The British pound has dropped lower in the Tuesday session, and the currency could be headed for a third straight losing session. In North American trade, GBP/USD is trading at 1.3422, down 0.33% on the day. On the release front, there are no major UK events. British High Street Lending, which measures house mortgage lending, edged upwards to 41.8 thousand, just above the forecast of 41.7 thousand. In the US, key indicators missed their estimates. CB Consumer Confidence dipped to 119.8, shy of the estimate of 119.9 points. On the housing front, New Home Sales slowed to 560 thousand, well off the forecast of 585 thousand. Later in the day, Fed Chair Janet Yellen will speak at an event in Cleveland. On Wednesday, the US will release Core Durable Goods Orders and Pending Home Sales.
The Brexit negotiations have become tangled and fractious, so it was no surprise that European Council President Donald Tusk admitted on Tuesday that the sides had not made enough progress to move to trade discussions. The European Union has conditioned trade talks on “sufficient progress” being made on areas such as the amount of Britain’s bill to leave the EU, the legal status of EU citizens living in the UK and the border between the UK and Ireland. The two sides remain far apart on these key issues, so it appears that the May government will have little choice but to move closer to the European position before it can talk about the nature of trade relations between Europe and the UK in the post-Brexit era. Adding to the uncertainty, the British government itself is divided. Hawkish cabinet members, such as foreign secretary Boris Johnston, have consistently put forward a harder line towards the Europeans than Prime Minister May.
The Bank of England remains worried about the British economy. On Monday, the Bank’s FPC statement on Monday took aim at the British consumer, specifically credit levels. The BoE warned that unsecured consumer lending was growing at close to 10 percent each year, far outstripping income, and called on British banks to carry an extra GBP 10 billion to protect against consumer loan defaults. Although defaults were not currently a problem, the FPC statement expressed concern that in an economic downturn, defaults could spiral and hurt the banking sector. In August, the BoE forecast that the economy would slow down in 2018, with Brexit one of the contributing factors. At the BoE policy meeting earlier this month, the Bank hinted that it would raise interest rates, sending the pound sharply higher. The markets are taking the bank at its word – the odds for a November rate hike have jumped to 42%, up from just 18% just prior to the September rate statement, while the likelihood of a December increase is at 54%.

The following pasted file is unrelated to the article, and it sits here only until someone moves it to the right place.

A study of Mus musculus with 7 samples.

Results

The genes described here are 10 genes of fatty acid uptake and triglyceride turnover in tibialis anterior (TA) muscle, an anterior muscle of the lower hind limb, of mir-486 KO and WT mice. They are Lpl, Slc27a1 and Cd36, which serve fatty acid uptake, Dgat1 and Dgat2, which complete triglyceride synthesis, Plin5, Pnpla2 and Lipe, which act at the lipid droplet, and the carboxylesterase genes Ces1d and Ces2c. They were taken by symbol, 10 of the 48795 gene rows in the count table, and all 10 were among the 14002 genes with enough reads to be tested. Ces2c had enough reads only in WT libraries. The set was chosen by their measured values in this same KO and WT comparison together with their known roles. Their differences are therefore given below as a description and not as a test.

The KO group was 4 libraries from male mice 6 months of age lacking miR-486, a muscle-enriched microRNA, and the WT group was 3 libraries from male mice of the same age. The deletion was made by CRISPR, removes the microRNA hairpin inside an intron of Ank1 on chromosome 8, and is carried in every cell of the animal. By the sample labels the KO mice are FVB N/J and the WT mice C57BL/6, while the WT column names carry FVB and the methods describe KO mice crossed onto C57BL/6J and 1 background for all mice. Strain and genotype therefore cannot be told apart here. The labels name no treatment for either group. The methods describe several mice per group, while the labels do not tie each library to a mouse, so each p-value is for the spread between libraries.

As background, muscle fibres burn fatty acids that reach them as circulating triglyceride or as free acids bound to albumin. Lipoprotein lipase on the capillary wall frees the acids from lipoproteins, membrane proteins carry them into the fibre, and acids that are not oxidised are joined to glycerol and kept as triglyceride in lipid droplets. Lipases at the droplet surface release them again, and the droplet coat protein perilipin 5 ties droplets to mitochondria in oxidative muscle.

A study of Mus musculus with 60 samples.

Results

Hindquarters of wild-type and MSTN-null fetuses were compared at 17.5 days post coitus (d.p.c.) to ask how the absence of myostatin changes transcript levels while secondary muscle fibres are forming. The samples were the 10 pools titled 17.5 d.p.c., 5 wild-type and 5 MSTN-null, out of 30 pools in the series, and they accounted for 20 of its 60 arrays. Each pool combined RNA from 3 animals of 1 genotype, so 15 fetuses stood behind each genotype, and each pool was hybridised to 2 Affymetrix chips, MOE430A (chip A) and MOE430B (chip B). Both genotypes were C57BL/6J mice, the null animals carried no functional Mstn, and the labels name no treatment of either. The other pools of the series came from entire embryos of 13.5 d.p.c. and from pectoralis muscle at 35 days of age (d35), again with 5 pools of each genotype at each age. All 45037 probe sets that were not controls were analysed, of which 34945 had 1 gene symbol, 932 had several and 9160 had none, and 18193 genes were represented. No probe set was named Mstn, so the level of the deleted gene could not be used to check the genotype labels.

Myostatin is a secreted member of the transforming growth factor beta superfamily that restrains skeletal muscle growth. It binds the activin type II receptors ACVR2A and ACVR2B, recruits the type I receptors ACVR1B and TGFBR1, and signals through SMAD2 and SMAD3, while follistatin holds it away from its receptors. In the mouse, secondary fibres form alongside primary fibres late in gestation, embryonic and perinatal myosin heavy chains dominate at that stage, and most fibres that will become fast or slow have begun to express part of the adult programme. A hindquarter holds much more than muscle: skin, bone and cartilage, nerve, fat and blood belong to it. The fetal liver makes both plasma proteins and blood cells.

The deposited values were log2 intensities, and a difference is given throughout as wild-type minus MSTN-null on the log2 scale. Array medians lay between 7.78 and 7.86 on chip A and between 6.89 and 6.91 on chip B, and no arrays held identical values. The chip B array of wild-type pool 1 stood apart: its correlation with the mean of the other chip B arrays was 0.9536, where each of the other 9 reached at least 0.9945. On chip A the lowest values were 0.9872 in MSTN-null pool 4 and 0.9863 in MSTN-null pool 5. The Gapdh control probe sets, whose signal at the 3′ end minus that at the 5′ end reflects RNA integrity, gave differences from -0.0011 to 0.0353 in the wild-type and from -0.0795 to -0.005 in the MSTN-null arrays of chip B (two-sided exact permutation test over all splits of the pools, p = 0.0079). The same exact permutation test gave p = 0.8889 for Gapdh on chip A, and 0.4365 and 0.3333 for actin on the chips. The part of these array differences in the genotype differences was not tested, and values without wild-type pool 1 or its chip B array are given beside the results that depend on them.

The markets are having a tough time pinning down whether the Federal Reserve plans to raise rates on final time in 2017. With policymakers sending out mixed messages, the markets really don’t know what to expect, and fed futures have priced in a December hike at 55%. On Monday, New York Fed President William Dudley made a strong case to raise rates. Dudley cited a soft US dollar and strong global growth as reasons why inflation would increase and also translate into stronger wage growth. Dudley said he expects inflation to reach the Fed’s target of 2 percent in the “medium term”, and predicted that the Fed would continue to gradually remove monetary accommodation. In last week’s rate statement, the Fed announced that it would reduce its $4.2 trillion balance sheet by $50 billion/mth, starting in October. Commenting on the decision to taper the balance sheet, FOMC member John Williams said on Friday that he did not “anticipate any sudden or large effects on rates or spreads”, but acknowledged that the Fed could not predict how the markets would react, and policymakers would have to monitor market reaction to the reduction in the balance sheet.
Tuesday (September 26)
- 4:30 British High Street Lending. Estimate 41.7K. Actual 41.8K
- 9:00 US S&P/CS Composite-20 HPI. Estimate 5.7%. Actual 5.8%
- 9:59 US Richmond Manufacturing Index. Estimate 13. Actual 19
- 10:00 US CB Consumer Confidence. Estimate 119.9. Actual 119.8
- 10:00 US New Home Sales. Estimate 585K. Actual 560K
- 10:30 US FOMC Member Lael Brainard Speaks
- 12:45 Federal Reserve Chair Janet Yellen Speaks
Wednesday (September 27)
- 8:30 US Core Durable Goods Orders. Estimate 0.2%
- 10:00 US Pending Home Sales. Estimate -0.5%
*All release times are GMT
*Key events are in bold
GBP/USD for Tuesday, September 26, 2017
GBP/USD September 26 at 12:00 EDT
Open: 1.3467 High: 1.3515 Low: 1.3410 Close: 1.3412
GBP/USD posted gains in the Asian session, but retracted and lost ground in European trade. The pair is showing limited movement in the North American session
- 1.3347 is providing support
- 1.3444 has switched to a resistance role following losses by GBP/USD in the Tuesday session. It is a weak line
Further levels in both directions:
- Below: 1.3347, 1.3224 and 1.3121
- Above: 1.3444, 1.3514, 1.3667 and 1.3809
- Current range: 1.3347 to 1.3444
OANDA’s Open Positions Ratio
GBP/USD ratio is unchanged this week. Currently, short positions have a majority (64%), indicative of trader bias towards GBP/USD continuing to head to lower ground.
This article is for general information purposes only. It is not investment advice or a solution to buy or sell securities. Opinions are the authors; not necessarily that of OANDA Corporation or any of its affiliates, subsidiaries, officers or directors. Leveraged trading is high risk and not suitable for all. You could lose all of your deposited funds.